Farmers received billions in crop insurance payouts due to extreme weather
Some farmers and environmentalists say the federal program, which is heavily subsidized by U.S. taxpayers, discourages growers from adapting to climate change and should be redesigned.
Farmers in the Midwest have received tens of billions of dollars in federal crop insurance payouts since 2001, based on an analysis of federal data.
That includes nearly $10 billion to Iowa farmers, $8.5 billion in Illinois and another $5 billion to farmers in Missouri.
The analysis from the Environmental Working Group, an advocacy organization, found that for most Midwestern states, the majority of crop insurance payouts over the past two decades were due to crop damage caused by drought or excess precipitation, conditions exacerbated by climate change.
Some environmentalists and farmers say the federal program, which is heavily subsidized by U.S. taxpayers, discourages growers from adapting to climate change and should be redesigned.
The U.S. Department of Agriculture oversees the program, which pays farmers when their yields or revenues decline. Farmers can claim losses for certain weather-related events, such as drought or flooding, as well as declines in crop prices.
U.S. taxpayers cover about 60% of the cost of policy premiums and may also be responsible for insurance payouts to farmers in the event of widespread crop damage.
The program provides a safety net for U.S. farmers and ensures the “economic stability of agriculture” nationwide, according to the USDA. But it’s doing more harm than good, said Macauley Kincaid, who farms about 880 acres in Jasper, a small community in southwest Missouri. In addition to raising cattle and hogs, Kincaid grows barley, sunflowers and dozens of other specialty crops on his land.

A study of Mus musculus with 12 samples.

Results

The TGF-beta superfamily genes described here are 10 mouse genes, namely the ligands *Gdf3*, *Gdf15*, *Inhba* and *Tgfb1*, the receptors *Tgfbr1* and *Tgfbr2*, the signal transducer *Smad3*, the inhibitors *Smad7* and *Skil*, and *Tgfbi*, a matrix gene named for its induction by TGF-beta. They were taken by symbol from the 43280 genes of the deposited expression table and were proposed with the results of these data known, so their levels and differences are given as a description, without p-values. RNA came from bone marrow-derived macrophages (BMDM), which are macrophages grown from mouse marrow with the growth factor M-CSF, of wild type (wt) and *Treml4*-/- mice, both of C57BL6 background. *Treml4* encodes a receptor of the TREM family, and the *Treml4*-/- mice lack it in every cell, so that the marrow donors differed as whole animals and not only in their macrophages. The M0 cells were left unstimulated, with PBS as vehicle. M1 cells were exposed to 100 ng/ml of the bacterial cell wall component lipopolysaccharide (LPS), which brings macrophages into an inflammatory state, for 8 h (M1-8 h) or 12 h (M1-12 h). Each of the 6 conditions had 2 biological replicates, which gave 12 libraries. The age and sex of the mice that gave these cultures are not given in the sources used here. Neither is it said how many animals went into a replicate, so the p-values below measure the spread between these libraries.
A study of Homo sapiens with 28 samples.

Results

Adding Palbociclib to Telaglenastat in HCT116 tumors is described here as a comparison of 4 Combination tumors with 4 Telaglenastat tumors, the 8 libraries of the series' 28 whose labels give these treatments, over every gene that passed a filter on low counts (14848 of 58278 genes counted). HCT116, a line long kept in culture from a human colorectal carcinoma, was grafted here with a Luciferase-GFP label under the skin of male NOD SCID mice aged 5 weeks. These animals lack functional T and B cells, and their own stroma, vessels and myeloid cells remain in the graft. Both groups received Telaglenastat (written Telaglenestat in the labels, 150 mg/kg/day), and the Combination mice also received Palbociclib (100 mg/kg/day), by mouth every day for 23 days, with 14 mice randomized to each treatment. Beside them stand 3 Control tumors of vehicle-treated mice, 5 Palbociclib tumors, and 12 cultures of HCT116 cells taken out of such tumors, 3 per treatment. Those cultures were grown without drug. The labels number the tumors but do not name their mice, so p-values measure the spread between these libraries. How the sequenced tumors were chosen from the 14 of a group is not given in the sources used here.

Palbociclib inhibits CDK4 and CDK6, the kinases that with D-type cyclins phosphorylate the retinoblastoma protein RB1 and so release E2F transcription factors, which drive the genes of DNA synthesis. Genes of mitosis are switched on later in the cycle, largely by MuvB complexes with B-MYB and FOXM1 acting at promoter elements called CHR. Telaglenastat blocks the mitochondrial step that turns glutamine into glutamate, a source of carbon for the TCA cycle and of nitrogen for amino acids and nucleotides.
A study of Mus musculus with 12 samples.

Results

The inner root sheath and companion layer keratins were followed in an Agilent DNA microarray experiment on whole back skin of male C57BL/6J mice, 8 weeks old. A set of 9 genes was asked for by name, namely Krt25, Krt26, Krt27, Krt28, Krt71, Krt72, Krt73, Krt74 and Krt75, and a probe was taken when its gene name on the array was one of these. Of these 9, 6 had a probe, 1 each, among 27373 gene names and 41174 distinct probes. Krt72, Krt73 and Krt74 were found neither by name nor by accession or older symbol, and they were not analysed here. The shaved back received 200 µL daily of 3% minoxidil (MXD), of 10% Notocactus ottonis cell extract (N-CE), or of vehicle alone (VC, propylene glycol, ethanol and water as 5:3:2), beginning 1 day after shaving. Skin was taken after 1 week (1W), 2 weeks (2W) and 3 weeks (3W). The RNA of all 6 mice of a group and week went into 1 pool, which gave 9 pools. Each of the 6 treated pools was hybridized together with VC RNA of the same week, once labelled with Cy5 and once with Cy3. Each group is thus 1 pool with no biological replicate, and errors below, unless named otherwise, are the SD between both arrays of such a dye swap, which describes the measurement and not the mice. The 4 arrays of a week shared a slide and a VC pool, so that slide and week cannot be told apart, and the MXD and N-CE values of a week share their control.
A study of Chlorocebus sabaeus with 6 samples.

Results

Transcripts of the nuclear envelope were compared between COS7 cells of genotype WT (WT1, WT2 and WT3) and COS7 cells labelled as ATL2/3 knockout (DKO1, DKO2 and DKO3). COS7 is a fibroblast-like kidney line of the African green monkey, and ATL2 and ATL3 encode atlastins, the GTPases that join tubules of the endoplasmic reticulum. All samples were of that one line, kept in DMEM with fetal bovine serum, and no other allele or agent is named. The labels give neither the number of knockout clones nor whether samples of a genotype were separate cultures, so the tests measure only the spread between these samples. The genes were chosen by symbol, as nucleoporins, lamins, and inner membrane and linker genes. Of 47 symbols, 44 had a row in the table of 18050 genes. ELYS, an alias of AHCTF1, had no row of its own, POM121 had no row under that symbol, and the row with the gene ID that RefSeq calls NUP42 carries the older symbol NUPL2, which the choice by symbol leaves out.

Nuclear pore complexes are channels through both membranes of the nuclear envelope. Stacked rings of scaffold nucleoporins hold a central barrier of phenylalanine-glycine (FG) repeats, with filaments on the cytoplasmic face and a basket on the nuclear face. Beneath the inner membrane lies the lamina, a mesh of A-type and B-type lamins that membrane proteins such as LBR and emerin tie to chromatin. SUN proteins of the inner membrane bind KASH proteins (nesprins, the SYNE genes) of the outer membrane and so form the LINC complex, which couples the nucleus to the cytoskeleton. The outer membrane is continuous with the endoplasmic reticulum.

“My grandpa always told me, ‘Never put all your eggs in one basket,’” Kincaid said. “So why as farmers do we only want to raise corn and soybeans? If my corn and soybeans are a complete failure, that’s okay because they might only be one-tenth of my income that year.”
By growing a broader diversity of plants, including cover crops to prevent soil erosion, and moving to no-till practices, Kincaid is working to make his farm more resilient to extreme swings in weather.
Federal crop insurance is a “hindrance” to family farmers, he said, because it discourages them from adapting to environmental change and only insures a small number of commodity crops, like corn and soybeans.
“It actually hurts farmers from trying to be proactive and change their farms,” he said. “They can do the same thing that they've done for years and they're going to get paid for it if they have a failure.”
Using data from the USDA’s Risk Management Agency, the Environmental Working Group tracked yearly crop insurance payouts by county within the Mississippi River Critical Conservation Area, a region that encompasses 13 states from Minnesota to Louisiana.
Missouri farmers received $4.9 billion in crop insurance payouts from 2001 to 2020. The vast majority were due to excess precipitation or drought, each accounting for nearly $1.98 billion, followed by flooding at $411 million.
That mirrored trends in other Midwestern states, including Iowa, Kansas, Oklahoma, North Dakota and Illinois, where at least 60% of all farmer payouts were related to excess precipitation or drought.
Those costs will continue to increase as climate change drives more extreme weather, agricultural economist Anne Schechinger said.
“Because these things like drought and excess moisture are so tied to climate change, as climate change gets worse in the future, crop insurance payments are also going to be growing,” said Schechinger, Midwest Director of the Environmental Working Group.
Other research studies have linked climate change and U.S. crop insurance losses. Climate change-related crop damages were responsible for an estimated $27 billion in federal payouts from 1991 to 2017, according to research from Stanford University.
Still, Schechinger said the federal program does not give farmers an incentive to plan for a changing climate. “It encourages farmers to do what they always do to make money in a year,” she said. “It’s not helping them think about, ‘What if I have a major drought in five years?’”
Rather than subsidizing farms in floodplains and other high-risk areas, the federal government should invest in programs that pay farmers to retire their land permanently and create conservation easements, she said.
“These farms usually are really marginal, so they have low yields and they’re not making that much money for farmers, if any profit at all,” Schechinger said. “It would be really beneficial to take some of this land out of production, for both farmers and the environment.”